PESHAWAR, Jan 31: NWFP Governor Owais Ahmad Ghani on Thursday disclosed that the government was actively considering a set of measures to bring about structural changes in the administrative system in the NWFP and adjoining tribal regions to improve governance and ensure better security.

“Extraordinary times require extraordinary decisions,” Mr Ghani said in his maiden interaction with senior journalists at the Governor’s House.

“The government system in settled districts and the political system in tribal regions are heading towards a state of collapse. It’s a matter of grave concern. We face tough challenges. The whole system has become weak, demoralised and despondent. We are facing unusual set of circumstances that require unconventional and extraordinary support for the administrative system,” he said.

Highlighting the fact that the NWFP had tribal regions straddling its boundaries, was different from Punjab and other provinces, Governor Owais said that he had been able to convince the leadership in Islamabad to bring about structural changes in the system of governance, both in the NWFP and tribal regions.

In the first step, he said, he had already approved the appointment of Regional Coordinating Officers (RCOs) to serve as a link between the administration in settled districts and adjoining tribal areas, and ensure better coordination in maintaining law and order and security.

Officers to the newly created offices of the RCOs in central, northern and southern regions would be posted shortly, he said.

Similarly, he said, the government was also looking at the system of governance at the district level and strengthening the office of the District Coordinating Officers. “Times have changed and we need to adjust ourselves according to the changing times,” he remarked.

He said the lacunas and shortcomings in the devolution plan would be removed to make the system more functional. “There is now a realisation in the federal government that we need to bring structural changes to meet the challenges that are facing us.”

The offices of the political agents in the tribal regions, he said, also need to be made more active and functional. “We are in deep consultations with Islamabad and some measures would be introduced shortly,” he said. “And it will be a continuing process.”

Owais Ghani, who succeeded Lt Gen (retd) Ali Mohammad Jan Aurakzai as Governor NWFP earlier this month, said he was also working on an economic plan for the NWFP to meet three strategic objectives: to strengthen the NWFP’s own financial resource base, improve its trade potential by improving its infrastructure and create necessary incentives to attract investment for industrialisation.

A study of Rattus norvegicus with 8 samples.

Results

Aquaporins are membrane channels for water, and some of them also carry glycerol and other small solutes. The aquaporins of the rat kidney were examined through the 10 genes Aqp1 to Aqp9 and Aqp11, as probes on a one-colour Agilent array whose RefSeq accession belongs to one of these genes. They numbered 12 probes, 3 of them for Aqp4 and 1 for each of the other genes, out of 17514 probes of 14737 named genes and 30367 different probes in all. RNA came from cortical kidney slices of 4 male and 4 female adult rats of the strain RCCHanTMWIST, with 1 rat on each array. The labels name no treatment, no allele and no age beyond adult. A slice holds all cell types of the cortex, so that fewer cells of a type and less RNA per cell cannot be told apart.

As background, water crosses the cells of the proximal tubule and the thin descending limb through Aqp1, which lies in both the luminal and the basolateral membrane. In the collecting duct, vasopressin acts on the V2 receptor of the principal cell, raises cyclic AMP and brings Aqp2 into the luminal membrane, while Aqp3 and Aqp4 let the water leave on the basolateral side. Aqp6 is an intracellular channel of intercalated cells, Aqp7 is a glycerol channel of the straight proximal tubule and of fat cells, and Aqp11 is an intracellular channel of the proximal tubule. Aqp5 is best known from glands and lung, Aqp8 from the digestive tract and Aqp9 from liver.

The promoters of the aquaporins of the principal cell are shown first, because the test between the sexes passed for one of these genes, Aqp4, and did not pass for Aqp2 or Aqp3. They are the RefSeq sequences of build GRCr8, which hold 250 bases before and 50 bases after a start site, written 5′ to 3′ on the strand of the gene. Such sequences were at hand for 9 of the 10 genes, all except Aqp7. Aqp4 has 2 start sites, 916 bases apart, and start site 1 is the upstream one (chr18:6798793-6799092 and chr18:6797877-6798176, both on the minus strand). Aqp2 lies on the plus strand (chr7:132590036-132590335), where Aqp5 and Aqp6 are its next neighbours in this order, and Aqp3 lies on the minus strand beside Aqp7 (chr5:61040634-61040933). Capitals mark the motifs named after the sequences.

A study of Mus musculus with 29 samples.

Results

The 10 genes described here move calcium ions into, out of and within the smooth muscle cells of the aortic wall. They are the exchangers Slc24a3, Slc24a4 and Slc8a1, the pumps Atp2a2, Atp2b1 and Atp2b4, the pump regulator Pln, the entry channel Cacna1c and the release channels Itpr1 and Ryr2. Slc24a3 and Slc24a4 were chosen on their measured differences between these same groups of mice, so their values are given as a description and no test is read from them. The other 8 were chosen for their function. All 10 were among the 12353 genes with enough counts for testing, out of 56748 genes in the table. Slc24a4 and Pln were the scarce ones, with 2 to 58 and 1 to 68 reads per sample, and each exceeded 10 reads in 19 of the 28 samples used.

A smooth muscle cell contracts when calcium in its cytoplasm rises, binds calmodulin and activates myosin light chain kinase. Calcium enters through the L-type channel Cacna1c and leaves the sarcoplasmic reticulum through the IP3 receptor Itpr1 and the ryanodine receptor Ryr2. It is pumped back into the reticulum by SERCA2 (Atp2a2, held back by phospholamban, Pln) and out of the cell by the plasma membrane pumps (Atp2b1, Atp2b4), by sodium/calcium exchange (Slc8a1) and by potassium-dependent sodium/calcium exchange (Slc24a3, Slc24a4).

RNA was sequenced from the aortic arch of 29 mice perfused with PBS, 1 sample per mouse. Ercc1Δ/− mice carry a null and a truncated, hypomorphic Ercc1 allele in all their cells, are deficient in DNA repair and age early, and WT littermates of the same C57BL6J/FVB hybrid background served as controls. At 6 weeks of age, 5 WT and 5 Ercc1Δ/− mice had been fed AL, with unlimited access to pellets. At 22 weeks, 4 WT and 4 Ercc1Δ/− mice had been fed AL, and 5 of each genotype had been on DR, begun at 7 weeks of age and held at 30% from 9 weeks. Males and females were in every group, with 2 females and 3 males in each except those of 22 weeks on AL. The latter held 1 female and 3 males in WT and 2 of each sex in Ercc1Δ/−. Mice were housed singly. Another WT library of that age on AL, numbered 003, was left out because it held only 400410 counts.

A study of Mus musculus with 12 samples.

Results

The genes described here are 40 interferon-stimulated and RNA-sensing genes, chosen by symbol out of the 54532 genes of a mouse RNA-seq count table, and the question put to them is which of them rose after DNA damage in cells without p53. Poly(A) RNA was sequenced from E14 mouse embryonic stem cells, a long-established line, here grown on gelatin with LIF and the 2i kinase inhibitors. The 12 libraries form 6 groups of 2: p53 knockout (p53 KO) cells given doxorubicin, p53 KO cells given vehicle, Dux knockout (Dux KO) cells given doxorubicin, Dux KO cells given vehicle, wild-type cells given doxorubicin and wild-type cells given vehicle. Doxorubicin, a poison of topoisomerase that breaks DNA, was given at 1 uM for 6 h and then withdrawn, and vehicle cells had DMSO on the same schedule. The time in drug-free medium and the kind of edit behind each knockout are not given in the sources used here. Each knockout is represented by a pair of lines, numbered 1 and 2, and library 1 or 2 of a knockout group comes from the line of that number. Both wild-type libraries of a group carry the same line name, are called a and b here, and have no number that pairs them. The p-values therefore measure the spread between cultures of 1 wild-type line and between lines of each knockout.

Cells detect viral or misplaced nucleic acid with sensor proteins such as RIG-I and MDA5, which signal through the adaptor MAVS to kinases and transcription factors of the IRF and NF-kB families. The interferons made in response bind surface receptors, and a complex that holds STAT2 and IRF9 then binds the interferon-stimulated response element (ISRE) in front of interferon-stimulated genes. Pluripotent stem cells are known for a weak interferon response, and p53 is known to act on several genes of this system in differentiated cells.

Answering a question, he said that no talks were being held with militants in South Waziristan but emphasised that contacts were essential to create conducive atmosphere for negotiations.

He said that militants had carried out eleven concerted attacks on Luddah fort in South Waziristan and stormed the Sara Rogha fort while negotiations were on through a tribal jirga. “This was an open war against the state,” he said. But he made it clear that the government’s action was in line with the Riwaj (local traditions). “The government was forced to react,” he said.

Regarding the military operation in Darra Adamkhel, the governor said that the government had sent six jirgas in fifteen days to convince militants to resolve the issue through peaceful means. “But then they kidnapped soldiers and later shot them dead and commandeered army trucks.”

He said that the militants exploded three vehicles including a truck inside the Pakistan-Japan Friendship Tunnel that links Peshawar with Kohat, adding that repair work was underway and it would be opened to normal traffic shortly.

Earlier, the governor said that Pakistan was suffering from the fallout of the situation in Afghanistan where the writ of the state was very weak.

“Pakistan is not responsible for the problems in Afghanistan. Did Pakistan invite the Soviet Union to invade Afghanistan? Did Pakistan invite Osama bin Laden to come to Afghanistan? And did Pakistan invite the United States and Nato to invade Afghanistan?” he asked.

The availability of heavy weapons, record poppy cultivation and poor governance and the lack of broad political consensus were the major contributing factors to instability in Afghanistan, he added. “The battle for peace and stability in the region will be won and lost in Afghanistan,” he remarked.